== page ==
New Perspectives on the Way of the Cross | February 21 to March 20

Daily Devotional Sept 4 2021

Psalm 30, 32; 1 Kings 12:1-20; James 5:7-12,19-20; Mark 15:33-39
The Jewish historian Josephus, writing for his Roman captors a generation after the crucifixion, described the curtain which separated the Temple’s holy of holies from the outer courts. As a young man, a priest, he himself had seen it, and in his memory it was “a kind of image of the universe…embroidered upon it all that was mystical in the universe except only the 12 living signs (the zodiac figures).” That apparently means that the stars are embroidered on it, but without the (potentially idolatrous) images of people and animals which were used to connect them. Just in passing, several synagogue floors in Israel from the time of Jesus or slightly later actually have zodiac symbols in mosaic on the floor–these particularly prominent constellations had agricultural and ritual, and not just occult, value. At any rate, in some rabbinic literature (various places in the Mishnah), it’s actually called the ‘olam,’ which means ‘the universe.’ And that’s the point of the detail about the rip.
When Jesus died, a great tear was made in the fabric of the universe: Love Himself, the Word Which span the atoms on their axes at the Big Bang, had perished. And with that great tear in the fabric of the universe, suddenly God was no longer hidden away, forever just outside our reach. A new path to God was opened by the pain and grief: a new universe, a new olam, was starting up. That’s why this detail is mentioned: because it has great mystical value, great mystical teaching, to impart. And yes, this sort of line of thought is completely in line with the Judaism of Jesus’ time: the roots of modern kabbalah have been shown quite convincingly to lie in the intellectual ferment of Hellenistic Jerusalem.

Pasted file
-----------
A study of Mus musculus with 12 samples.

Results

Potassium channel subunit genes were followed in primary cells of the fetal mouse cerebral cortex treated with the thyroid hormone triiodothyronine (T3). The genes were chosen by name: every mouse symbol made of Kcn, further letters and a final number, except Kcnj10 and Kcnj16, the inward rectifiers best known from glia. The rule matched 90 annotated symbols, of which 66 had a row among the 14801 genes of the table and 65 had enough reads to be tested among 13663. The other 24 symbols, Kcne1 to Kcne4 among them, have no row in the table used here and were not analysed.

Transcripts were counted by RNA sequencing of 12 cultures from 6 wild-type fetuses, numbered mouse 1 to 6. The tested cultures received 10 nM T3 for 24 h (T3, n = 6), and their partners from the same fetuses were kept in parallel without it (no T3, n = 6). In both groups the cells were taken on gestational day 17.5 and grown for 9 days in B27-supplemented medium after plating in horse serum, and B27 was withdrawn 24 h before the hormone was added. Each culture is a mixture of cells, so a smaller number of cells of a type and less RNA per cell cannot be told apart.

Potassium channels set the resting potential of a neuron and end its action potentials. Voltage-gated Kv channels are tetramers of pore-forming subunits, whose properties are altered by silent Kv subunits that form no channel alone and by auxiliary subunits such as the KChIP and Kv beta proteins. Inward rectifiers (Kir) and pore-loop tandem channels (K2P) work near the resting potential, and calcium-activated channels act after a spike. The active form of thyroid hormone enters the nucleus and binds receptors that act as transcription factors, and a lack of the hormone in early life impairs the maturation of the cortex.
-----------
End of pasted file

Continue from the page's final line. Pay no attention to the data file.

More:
That’s why the little linen curtain inside our little gold-plated tabernacle (the locking safe on the altar within which unconsumed bread and wine from the Eucharist are stored, to be used later for home communions or other emergencies) is torn in half. Not cut and stitched: ripped. To remind us all, even if you can’t see it from the pews, that through the sacrifice of Christ (which we remember with every Eucharistic celebration), a new path has been opened to God, a new directness, a new immediacy. All you have to do is stop thinking of such things as details about decor and start looking for the deeper, spiritual, mystical meaning, and voila! There it is!

Rooted in worship of the Risen Christ, we draw our understanding of His commandment to love one another from Holy Scripture, reason and tradition—and we encourage our membership actively to seek a deeper personal relationship with Christ, a relationship founded in love of God and of neighbor.